Quick Index Board Index Home FAQ Site Map
Written by Delories
(9/16/2003 5:08 a.m.)
in consequence of the missive, GR: Slamming a convention, penned by Jenny Allan
] I think the scene is meant to be a parody of a the death bed confession of love that is scene in a number of gothic and romantic novels. But Willoughby never makes it into the sick room and then Marianne has the gall to not actually die. [snip]He fancied himself as inspiring Marianne to die for love. He was a little abashed when it didn't work out that way and then set about to whining.
Good point, Jenny A.! Indeed, the text strongly implies this, when Willoughby tells Elinor that "Marianne's sweet face as white as death" [the last time they saw each other in town] "when I thought of her today as really dying, it was a kind of comfort to me to imagine that I knew exactly how she would appear to those who saw her last in this world."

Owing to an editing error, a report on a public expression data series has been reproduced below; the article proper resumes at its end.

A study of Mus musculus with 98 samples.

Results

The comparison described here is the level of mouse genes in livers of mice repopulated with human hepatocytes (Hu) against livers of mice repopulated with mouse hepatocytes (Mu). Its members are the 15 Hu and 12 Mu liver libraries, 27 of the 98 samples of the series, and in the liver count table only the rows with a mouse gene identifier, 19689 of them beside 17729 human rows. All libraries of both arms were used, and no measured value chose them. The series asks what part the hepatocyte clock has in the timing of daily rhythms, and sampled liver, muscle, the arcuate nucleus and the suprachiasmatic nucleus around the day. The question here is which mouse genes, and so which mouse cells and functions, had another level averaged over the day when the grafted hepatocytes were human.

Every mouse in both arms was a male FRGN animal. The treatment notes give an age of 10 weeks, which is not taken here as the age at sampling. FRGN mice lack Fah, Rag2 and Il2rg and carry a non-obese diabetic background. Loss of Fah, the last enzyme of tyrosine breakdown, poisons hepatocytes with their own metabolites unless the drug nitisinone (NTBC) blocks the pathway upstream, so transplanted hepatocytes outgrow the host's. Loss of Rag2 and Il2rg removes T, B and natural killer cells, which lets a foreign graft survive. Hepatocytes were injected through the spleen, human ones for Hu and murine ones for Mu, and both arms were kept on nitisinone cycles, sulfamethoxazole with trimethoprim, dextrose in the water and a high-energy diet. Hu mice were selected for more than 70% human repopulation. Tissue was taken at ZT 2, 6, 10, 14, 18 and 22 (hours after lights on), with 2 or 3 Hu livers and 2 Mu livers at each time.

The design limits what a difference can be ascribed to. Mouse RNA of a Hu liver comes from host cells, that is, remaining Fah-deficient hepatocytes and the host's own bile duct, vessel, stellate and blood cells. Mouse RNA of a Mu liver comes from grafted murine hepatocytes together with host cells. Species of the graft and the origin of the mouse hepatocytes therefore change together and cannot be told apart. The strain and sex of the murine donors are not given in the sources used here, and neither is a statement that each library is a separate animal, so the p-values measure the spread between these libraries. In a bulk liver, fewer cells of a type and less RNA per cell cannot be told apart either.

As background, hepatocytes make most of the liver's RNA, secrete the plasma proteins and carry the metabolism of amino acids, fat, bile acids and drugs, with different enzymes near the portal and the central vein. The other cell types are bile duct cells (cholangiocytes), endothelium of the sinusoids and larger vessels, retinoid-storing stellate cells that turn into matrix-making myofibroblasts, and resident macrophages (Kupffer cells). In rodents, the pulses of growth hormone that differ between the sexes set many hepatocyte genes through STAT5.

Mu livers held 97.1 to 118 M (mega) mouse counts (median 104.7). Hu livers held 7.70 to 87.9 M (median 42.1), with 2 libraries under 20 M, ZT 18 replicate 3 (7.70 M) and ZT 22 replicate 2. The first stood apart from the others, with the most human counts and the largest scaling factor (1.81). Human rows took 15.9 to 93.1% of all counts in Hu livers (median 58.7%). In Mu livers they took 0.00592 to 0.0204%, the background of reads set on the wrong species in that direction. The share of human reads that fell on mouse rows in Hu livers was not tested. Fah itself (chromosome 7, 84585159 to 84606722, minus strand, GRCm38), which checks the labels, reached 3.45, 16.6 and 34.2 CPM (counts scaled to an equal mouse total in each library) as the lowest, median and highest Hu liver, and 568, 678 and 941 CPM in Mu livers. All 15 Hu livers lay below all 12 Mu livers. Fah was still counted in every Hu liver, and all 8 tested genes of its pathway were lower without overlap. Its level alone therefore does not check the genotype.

There's a bit of the Valmont, here, n'est-ce pas? I mean, almost a sort of pride in inspiring a woman to suffer, nay, die, for (mostly) unreturned love. Willoughby is a man for whom eliciting strong emotions is like a drug; having abandoned a pregnant woman and winding up in a duel, he now wants to kick the dose up another notch by watching his "beloved" Marianne die!
How wonderfully JA sends up gothic/romance conventions here! I think of her as Shakespeare's Rosalind, saying that people have "died from time to time... but not for love."
Sense & Sensibility is maintained by Barbara with WebBBS 3.21.